Bold, collaborative action is needed to increase access to housing and reduce homelessness in Los Angeles, a report from the Urban Land Institute argues.
Based on recommendations made by a panel of housing, architecture, public policy, and housing finance experts, the report, Homelessness: Los Angeles, California: Recommendations for Local Action (38 pages, PDF), calls on the city to house the unhoused, increase the overall housing supply, and reimagine leadership and accountability with respect to the problem. Specifically, the report recommends halving the number of unsheltered homeless people in the city by the end of 2018 by investing in temporary shelters and using existing shelters and services more efficiently; establishing sixty "community housing solution centers" focused on placing residents in permanent supportive housing within six months; reclaiming public spaces currently occupied by homeless encampments; and bringing five hundred scattered-site transitional housing units online annually over the next five years.
To increase the housing supply in the city, the study recommends streamlining approvals and incentivizing development of below-market housing; encouraging innovation in cost-effective housing design and development; and building support for increased density, especially along transportation corridors. The report also calls on city leaders to consolidate the authority needed to address the problem and streamline the governing process; strengthen coordination, administration, and reporting around the development and delivery of housing and related services; and urge Angelenos to embrace a collective responsibility for supporting affordable housing and services for those in need.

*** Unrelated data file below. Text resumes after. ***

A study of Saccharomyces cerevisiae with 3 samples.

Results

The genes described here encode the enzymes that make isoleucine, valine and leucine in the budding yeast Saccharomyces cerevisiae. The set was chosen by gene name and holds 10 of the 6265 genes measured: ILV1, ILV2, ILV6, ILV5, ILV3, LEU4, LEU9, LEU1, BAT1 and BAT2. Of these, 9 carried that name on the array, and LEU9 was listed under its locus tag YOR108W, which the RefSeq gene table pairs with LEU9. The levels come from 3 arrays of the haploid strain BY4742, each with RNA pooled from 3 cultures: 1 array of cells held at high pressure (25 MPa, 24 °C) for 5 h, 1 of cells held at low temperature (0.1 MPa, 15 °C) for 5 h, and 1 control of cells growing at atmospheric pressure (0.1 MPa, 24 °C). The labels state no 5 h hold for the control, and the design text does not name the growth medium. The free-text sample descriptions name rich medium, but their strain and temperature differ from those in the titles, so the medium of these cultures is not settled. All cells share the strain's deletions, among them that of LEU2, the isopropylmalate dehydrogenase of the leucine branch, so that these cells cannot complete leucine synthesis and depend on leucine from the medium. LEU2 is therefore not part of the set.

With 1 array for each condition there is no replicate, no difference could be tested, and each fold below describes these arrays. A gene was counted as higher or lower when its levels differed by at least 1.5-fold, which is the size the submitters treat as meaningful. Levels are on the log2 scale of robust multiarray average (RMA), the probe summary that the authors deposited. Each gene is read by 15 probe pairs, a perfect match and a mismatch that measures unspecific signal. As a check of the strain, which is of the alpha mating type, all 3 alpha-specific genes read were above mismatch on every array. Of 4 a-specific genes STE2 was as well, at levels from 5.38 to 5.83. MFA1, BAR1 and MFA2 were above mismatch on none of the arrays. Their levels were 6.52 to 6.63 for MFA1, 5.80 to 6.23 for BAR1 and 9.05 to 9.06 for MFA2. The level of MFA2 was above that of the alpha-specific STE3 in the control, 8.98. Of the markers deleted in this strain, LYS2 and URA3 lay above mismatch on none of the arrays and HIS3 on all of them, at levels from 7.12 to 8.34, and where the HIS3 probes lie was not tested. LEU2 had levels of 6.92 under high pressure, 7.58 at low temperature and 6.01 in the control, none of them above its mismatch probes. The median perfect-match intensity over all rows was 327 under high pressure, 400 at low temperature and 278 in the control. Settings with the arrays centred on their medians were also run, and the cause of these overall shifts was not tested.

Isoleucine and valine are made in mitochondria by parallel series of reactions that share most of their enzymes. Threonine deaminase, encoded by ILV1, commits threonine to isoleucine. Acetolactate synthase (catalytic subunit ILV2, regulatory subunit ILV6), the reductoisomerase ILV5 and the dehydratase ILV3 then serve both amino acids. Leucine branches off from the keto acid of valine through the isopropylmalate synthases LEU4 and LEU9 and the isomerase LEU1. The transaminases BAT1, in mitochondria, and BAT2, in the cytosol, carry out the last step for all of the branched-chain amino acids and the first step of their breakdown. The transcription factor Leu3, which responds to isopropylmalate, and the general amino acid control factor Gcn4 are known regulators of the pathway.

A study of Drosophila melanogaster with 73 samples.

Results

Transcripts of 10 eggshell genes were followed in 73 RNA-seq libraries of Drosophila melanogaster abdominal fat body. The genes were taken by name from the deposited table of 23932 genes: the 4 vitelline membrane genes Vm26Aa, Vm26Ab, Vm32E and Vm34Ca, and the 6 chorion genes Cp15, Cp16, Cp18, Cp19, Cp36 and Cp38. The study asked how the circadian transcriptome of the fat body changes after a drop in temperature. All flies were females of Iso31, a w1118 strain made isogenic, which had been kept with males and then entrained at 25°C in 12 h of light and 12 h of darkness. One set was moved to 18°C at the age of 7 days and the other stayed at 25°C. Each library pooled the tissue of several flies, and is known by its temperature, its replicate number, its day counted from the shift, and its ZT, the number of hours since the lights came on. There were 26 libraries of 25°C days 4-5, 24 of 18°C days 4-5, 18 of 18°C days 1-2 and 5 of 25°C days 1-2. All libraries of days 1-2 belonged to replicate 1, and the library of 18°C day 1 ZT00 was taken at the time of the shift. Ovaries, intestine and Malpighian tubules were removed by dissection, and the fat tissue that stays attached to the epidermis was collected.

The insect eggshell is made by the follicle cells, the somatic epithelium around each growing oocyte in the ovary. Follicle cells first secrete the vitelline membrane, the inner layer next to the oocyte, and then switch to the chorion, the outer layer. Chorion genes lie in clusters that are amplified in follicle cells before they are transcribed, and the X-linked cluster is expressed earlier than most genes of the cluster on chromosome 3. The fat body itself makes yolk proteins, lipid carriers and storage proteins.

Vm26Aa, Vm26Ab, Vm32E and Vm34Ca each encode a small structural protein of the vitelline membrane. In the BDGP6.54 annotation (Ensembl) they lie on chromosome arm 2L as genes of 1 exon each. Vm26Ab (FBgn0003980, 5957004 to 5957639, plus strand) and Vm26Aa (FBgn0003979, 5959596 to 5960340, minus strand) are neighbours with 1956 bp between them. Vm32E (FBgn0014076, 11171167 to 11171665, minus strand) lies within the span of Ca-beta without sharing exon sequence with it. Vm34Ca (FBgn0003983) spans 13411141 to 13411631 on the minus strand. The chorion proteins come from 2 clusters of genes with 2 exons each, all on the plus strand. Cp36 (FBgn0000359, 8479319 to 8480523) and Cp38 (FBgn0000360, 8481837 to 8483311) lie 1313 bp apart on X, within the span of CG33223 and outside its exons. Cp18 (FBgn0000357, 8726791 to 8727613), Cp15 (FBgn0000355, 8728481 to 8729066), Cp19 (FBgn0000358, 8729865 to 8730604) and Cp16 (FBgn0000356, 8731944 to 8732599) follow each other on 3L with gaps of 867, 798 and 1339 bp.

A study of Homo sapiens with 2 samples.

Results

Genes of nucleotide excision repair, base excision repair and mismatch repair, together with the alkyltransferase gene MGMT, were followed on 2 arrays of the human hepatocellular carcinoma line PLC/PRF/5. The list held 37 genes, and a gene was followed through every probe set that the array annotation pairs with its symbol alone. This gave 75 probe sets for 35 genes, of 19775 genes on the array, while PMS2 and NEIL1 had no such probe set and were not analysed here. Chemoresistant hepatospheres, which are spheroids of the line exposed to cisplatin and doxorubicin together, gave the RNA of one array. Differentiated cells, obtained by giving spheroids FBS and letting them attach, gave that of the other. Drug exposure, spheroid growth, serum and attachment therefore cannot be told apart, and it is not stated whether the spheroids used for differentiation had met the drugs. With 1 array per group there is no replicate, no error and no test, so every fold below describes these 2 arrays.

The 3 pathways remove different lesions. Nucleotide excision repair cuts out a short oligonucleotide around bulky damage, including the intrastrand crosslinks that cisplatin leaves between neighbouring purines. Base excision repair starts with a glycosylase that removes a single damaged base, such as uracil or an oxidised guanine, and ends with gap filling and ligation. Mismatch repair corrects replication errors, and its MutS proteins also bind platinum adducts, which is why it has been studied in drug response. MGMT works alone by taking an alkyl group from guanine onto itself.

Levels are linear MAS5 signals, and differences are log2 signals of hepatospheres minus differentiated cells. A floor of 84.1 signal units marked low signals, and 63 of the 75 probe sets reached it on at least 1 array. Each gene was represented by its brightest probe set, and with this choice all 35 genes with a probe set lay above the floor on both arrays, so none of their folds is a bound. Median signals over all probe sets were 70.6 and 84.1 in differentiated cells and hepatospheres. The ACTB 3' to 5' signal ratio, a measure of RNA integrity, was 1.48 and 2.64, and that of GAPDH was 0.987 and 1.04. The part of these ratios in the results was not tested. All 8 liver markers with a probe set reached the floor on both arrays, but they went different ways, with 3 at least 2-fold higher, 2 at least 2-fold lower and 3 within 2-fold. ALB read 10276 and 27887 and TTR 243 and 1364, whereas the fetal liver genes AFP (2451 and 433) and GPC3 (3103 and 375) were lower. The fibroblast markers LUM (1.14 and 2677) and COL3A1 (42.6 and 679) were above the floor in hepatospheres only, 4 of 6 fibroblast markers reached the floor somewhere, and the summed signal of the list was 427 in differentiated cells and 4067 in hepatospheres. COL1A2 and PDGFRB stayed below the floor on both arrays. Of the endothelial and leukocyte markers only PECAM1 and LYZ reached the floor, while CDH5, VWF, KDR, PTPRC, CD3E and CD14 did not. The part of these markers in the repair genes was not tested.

"The panel's work is impressive in terms of its ability to untangle the competing pressures and aid in resolving a vexing social issue from a real estate perspective," said ULI Americas chair Trish Healy. "What ULI brought to this panel assignment is the essence of the Urban Land Institute — members with a broad range of industry expertise, an openness to ideas, and an ability to bring together stakeholders with different and perhaps even competing interests."